The idea of peer review began after the chair of our education council attended the National Docent Symposium in 1995 and realized that the evaluation of volunteers is happening in many museums. After digging through files from past years, v^^e found that about 10 years ago a task force of docents met a number of times to explore the subject of peer evaluation. After much work and many meetings, this task force abandoned the idea for reasons that are unclear.
With the full support from the education staff, the idea for peer review was recently resurrected. Notes from the previous task force were reworked and updated to fit the current docent programs. They seemed to be full of wonderful approaches to the concept. They were then presented to the education council to try for one year on a voluntary basis. Many docents felt it was a good idea; however, many volunteers were strongly negative. In fact, it seemed to be so hot and divisive that the idea was again abandoned. For that reason, please do not print our names, the name of the museum, or its location used if you publish this note.
More than “Politically Correct”
The appropriate use of language to address or describe people with disabilities is more than just politically correct, it is both sensitive and respectful. In a new text, entitled Smithsonian Guidelines for Accessible Exhibition Design, Janice Majewski reminds us to evaluate our references.
|People with disabilities||The handicapped, the disabled|
|People who are deaf or hard of hearing||The hearing impaired, deaf-mute|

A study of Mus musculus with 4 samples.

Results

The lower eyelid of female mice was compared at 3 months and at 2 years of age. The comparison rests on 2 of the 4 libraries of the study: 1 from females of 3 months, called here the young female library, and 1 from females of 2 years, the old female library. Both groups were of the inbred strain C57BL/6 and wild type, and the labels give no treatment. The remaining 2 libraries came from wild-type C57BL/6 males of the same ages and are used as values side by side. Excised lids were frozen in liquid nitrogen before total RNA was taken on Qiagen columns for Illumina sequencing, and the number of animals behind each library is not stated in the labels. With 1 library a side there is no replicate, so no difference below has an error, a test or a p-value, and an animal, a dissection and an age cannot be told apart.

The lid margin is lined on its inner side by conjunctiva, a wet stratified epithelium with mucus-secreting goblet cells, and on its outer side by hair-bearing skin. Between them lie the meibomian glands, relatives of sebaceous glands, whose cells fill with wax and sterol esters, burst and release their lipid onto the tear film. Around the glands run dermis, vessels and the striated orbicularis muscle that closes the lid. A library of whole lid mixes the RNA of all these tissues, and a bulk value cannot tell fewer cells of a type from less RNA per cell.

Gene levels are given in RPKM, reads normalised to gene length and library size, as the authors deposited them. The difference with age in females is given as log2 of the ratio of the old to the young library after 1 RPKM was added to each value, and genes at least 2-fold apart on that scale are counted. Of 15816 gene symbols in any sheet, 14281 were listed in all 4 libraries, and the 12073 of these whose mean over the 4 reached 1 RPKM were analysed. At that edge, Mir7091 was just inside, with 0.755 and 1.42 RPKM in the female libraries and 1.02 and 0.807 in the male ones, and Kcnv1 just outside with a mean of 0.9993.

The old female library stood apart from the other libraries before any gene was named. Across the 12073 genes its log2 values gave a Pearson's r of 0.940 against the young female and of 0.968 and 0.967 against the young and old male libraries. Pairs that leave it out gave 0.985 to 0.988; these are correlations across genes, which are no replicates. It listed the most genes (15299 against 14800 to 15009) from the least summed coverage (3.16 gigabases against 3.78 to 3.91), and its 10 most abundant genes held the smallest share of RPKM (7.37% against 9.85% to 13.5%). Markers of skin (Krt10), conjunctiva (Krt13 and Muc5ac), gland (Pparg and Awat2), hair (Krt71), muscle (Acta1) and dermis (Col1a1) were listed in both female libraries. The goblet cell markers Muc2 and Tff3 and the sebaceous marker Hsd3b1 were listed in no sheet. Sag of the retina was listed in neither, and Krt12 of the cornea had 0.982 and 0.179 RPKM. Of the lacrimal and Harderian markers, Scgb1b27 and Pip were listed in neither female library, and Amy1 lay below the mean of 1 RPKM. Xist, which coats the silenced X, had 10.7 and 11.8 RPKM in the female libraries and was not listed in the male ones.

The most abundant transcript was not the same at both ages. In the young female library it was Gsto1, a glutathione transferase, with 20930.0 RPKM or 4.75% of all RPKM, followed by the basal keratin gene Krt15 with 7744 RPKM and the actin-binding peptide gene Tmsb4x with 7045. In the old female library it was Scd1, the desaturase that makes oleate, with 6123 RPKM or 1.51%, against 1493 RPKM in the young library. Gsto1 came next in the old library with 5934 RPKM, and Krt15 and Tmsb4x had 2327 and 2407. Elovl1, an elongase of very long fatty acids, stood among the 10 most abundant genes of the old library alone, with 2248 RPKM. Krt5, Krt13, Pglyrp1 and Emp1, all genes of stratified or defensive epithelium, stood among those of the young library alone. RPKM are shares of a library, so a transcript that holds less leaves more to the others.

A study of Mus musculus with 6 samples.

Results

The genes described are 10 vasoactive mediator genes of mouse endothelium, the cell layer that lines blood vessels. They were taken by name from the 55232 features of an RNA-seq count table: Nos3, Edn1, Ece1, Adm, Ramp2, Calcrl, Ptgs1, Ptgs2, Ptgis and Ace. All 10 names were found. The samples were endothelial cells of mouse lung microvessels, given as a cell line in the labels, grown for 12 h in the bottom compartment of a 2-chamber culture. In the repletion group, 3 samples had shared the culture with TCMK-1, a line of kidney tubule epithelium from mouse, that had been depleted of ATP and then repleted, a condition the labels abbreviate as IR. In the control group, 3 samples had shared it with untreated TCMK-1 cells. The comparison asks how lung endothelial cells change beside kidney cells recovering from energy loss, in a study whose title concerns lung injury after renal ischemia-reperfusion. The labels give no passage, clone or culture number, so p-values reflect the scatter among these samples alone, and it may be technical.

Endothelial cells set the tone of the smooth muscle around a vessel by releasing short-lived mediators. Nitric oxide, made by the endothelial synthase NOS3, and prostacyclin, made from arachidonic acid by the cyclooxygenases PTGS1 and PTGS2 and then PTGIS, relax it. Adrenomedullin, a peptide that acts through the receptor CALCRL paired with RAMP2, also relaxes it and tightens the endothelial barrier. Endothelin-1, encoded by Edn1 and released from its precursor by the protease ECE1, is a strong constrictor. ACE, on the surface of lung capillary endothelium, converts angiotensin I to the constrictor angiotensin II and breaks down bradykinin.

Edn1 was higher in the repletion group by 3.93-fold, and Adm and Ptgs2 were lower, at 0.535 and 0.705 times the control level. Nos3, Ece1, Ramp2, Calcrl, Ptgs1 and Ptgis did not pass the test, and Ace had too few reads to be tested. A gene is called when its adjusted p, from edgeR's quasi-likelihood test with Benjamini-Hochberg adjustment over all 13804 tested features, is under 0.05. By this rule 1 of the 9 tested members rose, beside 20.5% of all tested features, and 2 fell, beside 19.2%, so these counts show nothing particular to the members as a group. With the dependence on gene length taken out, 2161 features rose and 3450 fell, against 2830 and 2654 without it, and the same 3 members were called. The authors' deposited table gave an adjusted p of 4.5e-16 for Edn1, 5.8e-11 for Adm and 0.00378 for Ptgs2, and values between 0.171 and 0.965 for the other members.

|People who are blind or have low vision||The blind, the sightless|
|Wheelchair users||Those confined to wheelchairs, the wheelchair bound|
|People with mobility impairments||The crippled, the lame|
|People with cognitive disabilities||The retarded, the mentally deficient|
|People with mental illness||Schizophrenic (as a generic), the insane|
|People with learning disabilities||Dyslexic (as a generic), the retarded|
Should your institution be re-evaluating its educational programming for people with disabilities, consider securing a copy of Part of Your General Public is Disabled, the 93-page manual and 23-minute videotape developed by Janice Majewski, offering practical suggestions on how to effectively assist visitors with disabilities in museums, historic sites, zoo, parks, and gardens. This training package is available for sale through the Smithsonian Institution only The entire package maybe purchased for 180. To order, contact: The Office of the Assistant Secretary for the Arts and Humanities, Arts and Industries Building, Room 1410, Smithsonian Institution, Washington, DC 20650, or call (202) 786-2492 (voice) (202) 786-2414 (TDD).
“It Works for Me…Sharing successful techniques, thoughts and ideas.,” The Docent Educator 6.4 (Summer 1997): 11.